After suffering from a heart attack on the golf course, Dan Lennon of Rockville Centre lived to tell the tale and score a hole-in-one at the same hole where Rod McWalters of Rockville Centre was there to help save him. Credit: Johnny Milano

Dan Lennon considers himself extremely lucky.

While playing golf last October, he suffered a severe heart attack on the 17th hole at Rockville Links Club. Someone trained in CPR just happened to be playing an adjacent hole and the course’s defibrillator just happened to be only a short golf cart ride away.

“Everything just fell into place,” said Lennon, a 66-year-old retired government bond dealer from Rockville Centre. He was taken to the hospital, underwent quadruple-bypass surgery two days later, made a full recovery and went back to playing golf.

Then Lennon’s luck collided with coincidence.

On Aug. 9, he made a hole-in-one on the same 17th hole at Rockville Links.

“I actually look at it as a lucky hole because had I been anywhere else, I probably would have died,” Lennon said while sitting in the clubhouse recently. “So, I have really only good thoughts about it.”

Jon Tellekamp, his friend and golf companion for 25 years, witnessed Lennon’s hole-in-one last month and was near the 17th green shouting for help a bit more than nine months earlier. This time, he stood in the same spot, shouting for joy.

“He basically died and came back to life,” Tellekamp said. “I guess to that extent, it was a lucky hole. And now it’s a very lucky hole.

“I have been around a couple holes-in-one and it’s always a joyful moment,” Tellekamp, also a Rockville Centre resident, said, “but this was extremely unique.”

Among the first people Lennon texted to tell about his hole-in-one was Rockville Centre’s Rod McWalters, who had been playing on the 11th hole last Oct. 30, about 50 yards from where Lennon collapsed. Only three days earlier, McWalters had taken a CPR course at work, so he immediately took charge.

“A guy gets a hole-in-one on the same hole, less than a year later. You cannot make up stories like this,” McWalters said.

The first person to see Lennon’s tee shot land in the hole was Kevin Flynn, the group’s caddie who is also a Rockville Centre resident.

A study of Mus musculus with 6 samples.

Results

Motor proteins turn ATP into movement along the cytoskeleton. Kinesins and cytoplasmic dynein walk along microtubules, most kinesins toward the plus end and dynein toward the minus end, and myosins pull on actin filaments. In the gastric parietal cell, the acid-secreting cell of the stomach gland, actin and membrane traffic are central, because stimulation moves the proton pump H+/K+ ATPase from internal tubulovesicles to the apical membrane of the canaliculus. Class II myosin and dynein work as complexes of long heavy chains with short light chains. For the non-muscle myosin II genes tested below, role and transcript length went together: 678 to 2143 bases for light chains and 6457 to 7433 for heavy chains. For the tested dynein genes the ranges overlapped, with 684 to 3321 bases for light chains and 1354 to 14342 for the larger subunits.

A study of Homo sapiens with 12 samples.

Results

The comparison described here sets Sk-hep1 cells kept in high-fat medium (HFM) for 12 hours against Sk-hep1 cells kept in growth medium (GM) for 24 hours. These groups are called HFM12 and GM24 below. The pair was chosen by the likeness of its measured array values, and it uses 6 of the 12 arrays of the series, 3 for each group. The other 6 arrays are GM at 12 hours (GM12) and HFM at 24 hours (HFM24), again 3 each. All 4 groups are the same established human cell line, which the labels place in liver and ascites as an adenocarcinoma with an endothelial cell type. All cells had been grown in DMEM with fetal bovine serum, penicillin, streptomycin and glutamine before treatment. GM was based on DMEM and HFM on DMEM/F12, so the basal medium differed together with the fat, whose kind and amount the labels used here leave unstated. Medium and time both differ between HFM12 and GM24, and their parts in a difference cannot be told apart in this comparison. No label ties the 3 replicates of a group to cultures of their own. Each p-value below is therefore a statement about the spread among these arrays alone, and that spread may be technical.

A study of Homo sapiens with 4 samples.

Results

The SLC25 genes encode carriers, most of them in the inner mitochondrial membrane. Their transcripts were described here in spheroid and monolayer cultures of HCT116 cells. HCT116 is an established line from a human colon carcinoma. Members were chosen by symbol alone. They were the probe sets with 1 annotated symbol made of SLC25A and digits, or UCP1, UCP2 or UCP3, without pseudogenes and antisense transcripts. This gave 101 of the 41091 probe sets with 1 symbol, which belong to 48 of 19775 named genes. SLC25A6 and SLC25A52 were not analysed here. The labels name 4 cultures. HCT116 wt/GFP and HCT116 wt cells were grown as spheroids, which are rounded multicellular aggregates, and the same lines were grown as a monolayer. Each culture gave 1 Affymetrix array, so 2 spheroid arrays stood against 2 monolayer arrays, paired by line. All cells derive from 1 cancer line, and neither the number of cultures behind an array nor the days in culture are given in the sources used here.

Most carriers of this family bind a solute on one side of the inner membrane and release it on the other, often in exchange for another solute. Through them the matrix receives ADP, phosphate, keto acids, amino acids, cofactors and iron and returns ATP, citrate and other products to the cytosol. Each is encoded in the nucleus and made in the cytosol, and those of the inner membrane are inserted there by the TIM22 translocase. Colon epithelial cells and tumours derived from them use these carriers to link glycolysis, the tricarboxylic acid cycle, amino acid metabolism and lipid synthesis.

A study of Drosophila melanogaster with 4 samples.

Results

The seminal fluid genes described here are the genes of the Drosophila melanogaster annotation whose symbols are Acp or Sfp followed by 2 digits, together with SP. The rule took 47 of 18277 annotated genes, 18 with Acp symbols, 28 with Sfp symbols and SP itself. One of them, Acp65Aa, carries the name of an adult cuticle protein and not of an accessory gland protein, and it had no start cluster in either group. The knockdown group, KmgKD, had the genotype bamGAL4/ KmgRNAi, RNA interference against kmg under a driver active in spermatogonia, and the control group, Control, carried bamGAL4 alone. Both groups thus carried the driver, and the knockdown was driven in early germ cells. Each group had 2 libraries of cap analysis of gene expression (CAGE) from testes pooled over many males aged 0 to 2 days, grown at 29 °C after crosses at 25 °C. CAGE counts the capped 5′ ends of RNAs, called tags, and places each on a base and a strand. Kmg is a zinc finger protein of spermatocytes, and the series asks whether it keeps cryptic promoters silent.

“No one believed me,” said Flynn, an Army veteran who served in Afghanistan.

He also had been the first to see Lennon take a deep breath after the cardiac incident. Flynn was working for other golfers that day, heard the commotion and rushed to the golf bag storage room because he knew that is where the defibrillator was. He raced back to No. 17 in a cart and attached the device’s paddles to Lennon’s chest. That scene flashed back to him amid the excitement over the hole-in-one.

“It was poetic,” Flynn said. “You really can’t make this type of stuff up.”

Lennon will be the first to say his heart has been with Rockville Links, the private club in his hometown, since his wife, Diane, bought a membership for him on his 30th birthday. Most of what he knows about Oct. 30 comes from what others have told him because he lost consciousness before he knew anything was wrong.

He has learned that his caddie, Otis Hampton, tried to give him his putter, but that he hit the ground before grabbing it. Doctors eventually told Lennon that the incident technically was a sudden cardiac arrest.

“I had no symptoms, no shortage of breath,” he said, adding that he is grateful that a member of the South Hempstead Fire Department’s ambulance staff had worked on the course’s greens crew, so he knew right where the 17th hole was.

There had not been a second to spare.

“He was actually gray,” Tellekamp said. “He was on the ground, and I was thinking, ‘Wow, because I didn’t know CPR, one of my closest friends has passed away.’ ”

But McWalters was in the right place at precisely the right moment. He had studied lifesaving techniques at Hewlett High School some 30 years earlier, but he still wonders if he would have jumped in had he not taken a refresher course at the office in Connecticut that week.

“The most informative part of the whole course was when the guy said, ‘If you do nothing, they’re already dead,’ ” McWalters said in a telephone interview the other day. “That message to me was, ‘Do something.’ ”

McWalters said he never will forget the feeling he had when an emergency medical technician told him that Lennon was alive: “Slightly overwhelmed, but wonderful. Not every day do you get that close to a miracle. Dan is a very lucky guy. He has recovered, he is golfing, he is totally living life to the fullest.”